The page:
Which essential oils are good during pregnancy?

Although there are a lot of things a woman needs to avoid while expecting, unlike raw fish, essential oils can be good during pregnancy.

It’s important however to know how to use essential oils safely and which ones to avoid while pregnant.

Still, there are plenty of benefits to using essential oils and it would be a shame not to make the best of these gifts from nature.

Benefits of using essential oils while expecting

The health and well-being benefits of essential oils are well documented. There’s also research supporting the benefits of some essential oils to reduce common pregnancy ailments both physical and emotional.

Key benefits of essential oils during pregnancy include:

  • Reduce symptoms of nausea and stomach ache
  • Soothe muscle tension
  • Reduce irritation and swelling due to haemorrhoids
  • Help sleep quality
  • Improve skin elasticity and suppleness
  • Help prevent stretch marks
  • Help relax and ease tensions

Using essential oils safely during pregnancy

Some people fear that essential oils can turn into toxic compounds when absorbed by a woman’s bloodstream while pregnant. Nevertheless, research has shown that when the dosage is respected this isn’t something to worry about.

In general, it is best to wait until the second trimester before using oils. The first trimester is the most critical one for the fetus. Exposure to toxins and pollutants should be avoided at all costs for the mother and child. 

To be sure, get the green light from your doctor before using essential oils, and always choose oils of the highest quality.

Pregnancy & essential oils: best practice

  • Don’t consume essential oils.
  • Prefer aromatherapy over topical applications.
  • Always dilute essential oils with a carrier oil for topical application. Jojoba, almond, and apricot oils are especially good during pregnancy.
  • Follow dosage recommendations.

Essential oils safe to use while pregnant

My three favourites are:

Lavender oil

Lavender is famous for its relaxing and soothing benefits. It has been shown to be an excellent aromatherapy treatment during pregnancy, and it can even encourage relaxation during labour and delivery.

Some research has gone as far as to conclude that lavender oil can effectively reduce labour pain. Consider having an aromatherapy diffuser with lavender oil in the room when you deliver or ask your partner to gently massage diluted lavender oil onto your wrists when labour starts.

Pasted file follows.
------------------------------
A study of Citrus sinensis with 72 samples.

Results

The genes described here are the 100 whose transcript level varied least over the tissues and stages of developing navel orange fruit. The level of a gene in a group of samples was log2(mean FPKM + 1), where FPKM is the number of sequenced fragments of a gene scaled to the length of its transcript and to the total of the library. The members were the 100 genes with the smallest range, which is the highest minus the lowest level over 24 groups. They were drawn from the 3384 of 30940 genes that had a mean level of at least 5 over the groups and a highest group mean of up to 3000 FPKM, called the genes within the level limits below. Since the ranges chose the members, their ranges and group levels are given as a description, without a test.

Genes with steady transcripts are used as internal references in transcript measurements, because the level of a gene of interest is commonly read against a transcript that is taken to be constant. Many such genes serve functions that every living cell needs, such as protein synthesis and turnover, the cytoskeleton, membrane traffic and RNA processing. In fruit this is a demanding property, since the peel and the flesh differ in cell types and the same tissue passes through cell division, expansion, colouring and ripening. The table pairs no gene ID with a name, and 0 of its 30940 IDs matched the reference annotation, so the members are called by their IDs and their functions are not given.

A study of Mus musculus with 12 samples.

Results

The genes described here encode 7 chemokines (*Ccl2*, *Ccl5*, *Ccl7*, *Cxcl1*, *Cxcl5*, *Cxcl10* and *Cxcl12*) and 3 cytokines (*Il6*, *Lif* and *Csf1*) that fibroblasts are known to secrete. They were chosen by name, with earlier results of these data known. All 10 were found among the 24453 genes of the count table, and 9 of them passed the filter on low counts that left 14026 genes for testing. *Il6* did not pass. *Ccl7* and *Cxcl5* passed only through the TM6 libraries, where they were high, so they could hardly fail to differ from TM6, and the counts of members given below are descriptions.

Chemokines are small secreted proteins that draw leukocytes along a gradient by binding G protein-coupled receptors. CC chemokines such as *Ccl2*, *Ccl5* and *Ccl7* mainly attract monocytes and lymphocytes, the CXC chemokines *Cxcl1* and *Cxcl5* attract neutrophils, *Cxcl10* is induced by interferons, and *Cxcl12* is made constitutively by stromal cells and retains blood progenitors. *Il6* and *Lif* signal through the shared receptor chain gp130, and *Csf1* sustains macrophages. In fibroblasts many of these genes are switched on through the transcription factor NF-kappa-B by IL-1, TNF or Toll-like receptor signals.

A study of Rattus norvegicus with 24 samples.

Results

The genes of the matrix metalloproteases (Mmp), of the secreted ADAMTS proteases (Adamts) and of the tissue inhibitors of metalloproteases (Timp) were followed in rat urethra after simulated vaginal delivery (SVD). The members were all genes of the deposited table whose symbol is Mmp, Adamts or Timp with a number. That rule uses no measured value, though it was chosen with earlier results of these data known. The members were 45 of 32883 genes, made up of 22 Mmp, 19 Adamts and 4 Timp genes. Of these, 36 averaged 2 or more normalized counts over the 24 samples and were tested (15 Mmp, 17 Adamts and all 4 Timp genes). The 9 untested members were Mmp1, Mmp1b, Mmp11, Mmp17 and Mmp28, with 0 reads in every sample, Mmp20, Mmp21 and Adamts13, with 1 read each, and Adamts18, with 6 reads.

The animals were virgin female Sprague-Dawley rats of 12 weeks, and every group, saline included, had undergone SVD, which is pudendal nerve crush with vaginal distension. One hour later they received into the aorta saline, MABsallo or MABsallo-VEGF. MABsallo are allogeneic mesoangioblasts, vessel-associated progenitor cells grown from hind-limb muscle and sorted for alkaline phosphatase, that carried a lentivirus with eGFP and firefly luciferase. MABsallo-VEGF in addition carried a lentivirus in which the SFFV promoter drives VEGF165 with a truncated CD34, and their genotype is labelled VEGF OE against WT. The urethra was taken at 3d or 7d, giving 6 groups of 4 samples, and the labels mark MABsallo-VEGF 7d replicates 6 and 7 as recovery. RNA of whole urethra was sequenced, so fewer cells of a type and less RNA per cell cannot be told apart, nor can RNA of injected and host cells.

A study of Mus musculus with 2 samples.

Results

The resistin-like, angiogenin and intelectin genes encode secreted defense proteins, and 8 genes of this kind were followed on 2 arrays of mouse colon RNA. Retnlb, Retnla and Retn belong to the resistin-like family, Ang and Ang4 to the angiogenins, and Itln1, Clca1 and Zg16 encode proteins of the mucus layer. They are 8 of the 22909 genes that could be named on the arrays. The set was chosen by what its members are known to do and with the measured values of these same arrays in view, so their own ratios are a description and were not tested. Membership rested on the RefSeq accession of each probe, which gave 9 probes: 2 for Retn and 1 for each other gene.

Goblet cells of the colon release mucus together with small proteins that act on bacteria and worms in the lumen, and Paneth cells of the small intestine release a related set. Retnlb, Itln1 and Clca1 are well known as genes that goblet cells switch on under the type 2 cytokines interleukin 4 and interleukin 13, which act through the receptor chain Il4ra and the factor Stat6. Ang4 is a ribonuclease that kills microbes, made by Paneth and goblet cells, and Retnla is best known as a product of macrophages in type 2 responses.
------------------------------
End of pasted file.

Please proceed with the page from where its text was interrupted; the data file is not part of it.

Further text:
Rose oil

Rose oil is another beautiful option for helping with anxiety and encouraging calm and sleep while pregnant.

With this oil too, studies have found that rose oil can help with anxiety during delivery.

Lemon oil

Especially helpful if you are experiencing nausea and vomiting, lemon oil is a great essential oil to use during pregnancy. If used consistently as aromatherapy, lemon oil can reduce the frequency of nausea and vomiting.

Other oils considered safe during pregnancy

  • Geranium oil
  • Roman chamomile oil
  • German chamomile oil
  • Bitter almond
  • Argan
  • Patchouli
  • Pomegranate
  • Ginger
  • Cardamom
  • Fennel
  • Cypress
  • Myrtle essential
  • Frankincense
  • Peppermint 

Essential oils to avoid when expecting 

There are a number of oils that you should avoid during pregnancy. Truth is, however, that this list is mostly made of oils that haven’t been sufficiently tested for safety while pregnant. 

To err on the side of caution, it is best to avoid the following essential oil while expecting, especially because their toxicity is unknown.

  • Aniseed
  • Sage
  • Basil
  • Wormwood (Artemisia Annua)
  • Rue
  • Mugwort
  • Oakmoss
  • Parsley
  • Pennyroyal
  • Tansy
  • Thuja
  • Wintergreen
  • Tarragon
  • Birch
  • Hyssop
  • Camphor

If you are dealing with specific pregnancy-related ailments, ask an aromatherapist for advice on the best essential oils and dosage for you.

Hope you find some beautiful oils to uplift your senses and help you feel good during pregnancy. For more, check out my article about meditation during pregnancy

Until next time, Tania xx

*This article is provided for informational purposes only and does not intend to substitute professional medical advice, diagnosis, or treatment.